When you think of a welder, do you first think of a woman wielding a torch? Likely, you envision a man, which makes sense, given that metal fabrication has historically been a male-dominated profession. According to the Bureau of Labor Statistics (2017), as few as 4.5 percent of welders are women. The last time women made up a considerable percentage of the welding workforce was during WWII, when women made up 25 percent of the welder workforce. At that time, women stepped in to welding jobs that had been left behind by men who were sent off to war.
Fast forward to today and the deficit in skilled trade workers continues to grow. Not because men and women are called off to war, but because interest in trade occupations in general is down, with welding being hit particularly hard (2018). Some leaders in welding education see women as a potential solution to help fill the skills gap once again. But will they answer the call this time?
According to Sue Silverstein, a welder striving to drive change in the field, women absolutely should consider careers in welding, as there is ample opportunity and room for advancement. Silverstein is a welding instructor at Milwaukee Area Technical College (MATC) and spends her spare time organizing events for Girl Scouts to build young girls’ interest in welding and recruiting women into the Welding Diploma and Welding Technology Associate in Applied Science programs at MATC. Here, Silverstein talks about her passion and discusses how she believes women can help fill the gap:
Why should women weld?
Sue Silverstein: A career in welding offers women the opportunity to advance into positions of leadership in a field that is interesting, demanding and in-demand. Women who choose this career path are rewarded with good pay and benefits that help them maintain financial independence.
Welding requires great dexterity and focus, which are skills many women may have already obtained through work in more traditionally female fields or hobbies. I think it’s important for young women considering careers in the trades to find confidence in their previous experiences, because there could be more overlap than they think.
Welding is also an opportunity for women to establish themselves in scientific careers, since being a welder requires a thorough understanding of the chemical processes behind welding.
Have you found a community with other female welders?
There is a great sense of camaraderie among women in welding today, and it is important to nurture these networks to ensure a future with more females in the trades and to fuel continued growth. I followed a different path that lead me to a career in welding and I found other women along the way that have become great friends. It is a small, but really good, circle of friends, and any women joining us will have this same built-in support system.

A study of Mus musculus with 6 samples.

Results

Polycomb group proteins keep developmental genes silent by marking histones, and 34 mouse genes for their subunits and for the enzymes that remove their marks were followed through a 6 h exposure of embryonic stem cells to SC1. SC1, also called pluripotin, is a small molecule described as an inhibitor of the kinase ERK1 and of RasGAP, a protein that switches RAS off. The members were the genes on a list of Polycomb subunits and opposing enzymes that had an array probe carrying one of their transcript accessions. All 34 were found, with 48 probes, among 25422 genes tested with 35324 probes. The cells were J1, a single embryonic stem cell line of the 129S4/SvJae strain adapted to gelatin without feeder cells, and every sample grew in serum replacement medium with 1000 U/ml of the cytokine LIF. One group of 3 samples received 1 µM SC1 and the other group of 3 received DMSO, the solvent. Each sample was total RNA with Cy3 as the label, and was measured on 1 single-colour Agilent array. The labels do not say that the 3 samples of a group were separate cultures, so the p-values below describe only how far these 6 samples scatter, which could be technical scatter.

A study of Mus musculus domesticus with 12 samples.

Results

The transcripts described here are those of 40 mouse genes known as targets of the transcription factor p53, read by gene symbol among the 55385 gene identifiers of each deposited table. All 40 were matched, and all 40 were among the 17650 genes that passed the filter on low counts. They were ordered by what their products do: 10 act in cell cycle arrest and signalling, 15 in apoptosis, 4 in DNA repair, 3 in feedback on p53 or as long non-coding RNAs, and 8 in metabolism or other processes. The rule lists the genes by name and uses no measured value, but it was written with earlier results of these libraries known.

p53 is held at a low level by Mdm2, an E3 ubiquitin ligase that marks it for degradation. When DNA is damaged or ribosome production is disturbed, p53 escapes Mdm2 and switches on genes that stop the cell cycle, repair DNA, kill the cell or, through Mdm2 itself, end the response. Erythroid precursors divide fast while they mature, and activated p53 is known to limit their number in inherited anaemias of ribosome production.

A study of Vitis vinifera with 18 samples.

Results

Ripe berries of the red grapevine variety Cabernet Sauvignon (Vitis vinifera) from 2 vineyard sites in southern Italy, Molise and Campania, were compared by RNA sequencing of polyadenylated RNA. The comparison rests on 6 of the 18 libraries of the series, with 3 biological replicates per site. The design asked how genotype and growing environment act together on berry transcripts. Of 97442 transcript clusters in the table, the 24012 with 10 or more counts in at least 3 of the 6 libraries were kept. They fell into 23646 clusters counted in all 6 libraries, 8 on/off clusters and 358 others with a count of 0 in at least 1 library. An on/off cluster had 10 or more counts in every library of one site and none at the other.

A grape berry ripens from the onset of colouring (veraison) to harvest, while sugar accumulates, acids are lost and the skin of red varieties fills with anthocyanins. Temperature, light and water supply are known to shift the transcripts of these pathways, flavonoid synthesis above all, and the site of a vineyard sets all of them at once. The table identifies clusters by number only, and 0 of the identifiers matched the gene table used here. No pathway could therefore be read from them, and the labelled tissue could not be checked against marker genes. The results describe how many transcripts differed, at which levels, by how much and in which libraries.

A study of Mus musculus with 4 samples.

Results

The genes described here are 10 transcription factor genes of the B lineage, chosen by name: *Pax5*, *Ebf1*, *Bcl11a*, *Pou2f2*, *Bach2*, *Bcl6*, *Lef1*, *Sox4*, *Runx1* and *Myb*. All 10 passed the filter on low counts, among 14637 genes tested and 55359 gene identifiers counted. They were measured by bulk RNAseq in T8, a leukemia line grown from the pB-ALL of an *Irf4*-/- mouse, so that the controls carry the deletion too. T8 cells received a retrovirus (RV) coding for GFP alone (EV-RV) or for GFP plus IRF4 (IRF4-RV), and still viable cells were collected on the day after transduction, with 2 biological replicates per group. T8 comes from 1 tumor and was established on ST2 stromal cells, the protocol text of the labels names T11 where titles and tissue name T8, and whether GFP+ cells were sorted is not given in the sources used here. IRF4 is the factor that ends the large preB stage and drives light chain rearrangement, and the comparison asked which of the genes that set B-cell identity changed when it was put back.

What were some obstacles you faced when first starting your career as a welder?
I almost hate to say it because it gives credence to a female stereotype, but one of the biggest obstacles was in regard to welding clothes. I was incredibly limited with the types of Personal Protective Equipment available and I found it hard to find steel-toe boots and hard hats that were small enough for my build. Luckily, access to the right equipment has improved over the course of my career.
There is a misconception that manufacturing and labor trades can be monotonous. Is that true for welding?
The work itself is actually quite exhilarating. In fact, welding is a demanding and stimulating profession that offers its practitioners the opportunity to master a wide variety of skills. There is a lot to learn in a trade, which is great because who wants to be bored? A welder is continuously learning to master skills and grow in the profession.
A career in welding also puts you in the middle of the action. This action is what pulled me in. At first, I thought I wanted to be an engineer but later realized I wanted to be involved in manufacturing in a more hands-on way: I realized I didn’t want to just draw it. I wanted to physically make it.
The materials welders create are deeply interrelated with many other industries. Metal becomes a part of everything and can become anything. The end product goes into an office, someone’s home, a city’s skyline and the roads we travel and can even be launched into space. To have a hand in that is actually quite cool.
What can help break the stigma some women may believe about working in industrial settings?
Honestly, it’s all about exposure and perception. I became comfortable with workshops and factory environments from an early age. My father used to bring me into the auto plant where he worked on Saturdays so I could see a factory from the inside and it was fascinating to me. The thought of working with my hands and doing a physical job was never scary or intimidating. In fact, this familiarity is what helped empower me to seek an alternative path that was different from that of my peers and it drives me to provide the same perspective to younger generations of female welders.
In 2000, after 15 years as a welder, I shifted my focus to education. After my apprenticeship, I thought to myself, “I am learning so much, and as a physically small woman, I am learning new ways to do things.” It made me want to teach others.
What are the benefits of career exploration?
Career exploration is more about confidence building for those girls who maybe have not been encouraged to use tools, or maybe don’t have a parent in the trades. This will give them the exposure I had as a child and maybe, somewhere down the line, they will think about the trades as potential employment opportunities.
What lessons would you want a beginning welder to take from your example?
My legacy will be to have a bunch of successful students who have become successful welders who can earn a great, family-supporting wage so they can fulfill their dreams for the future.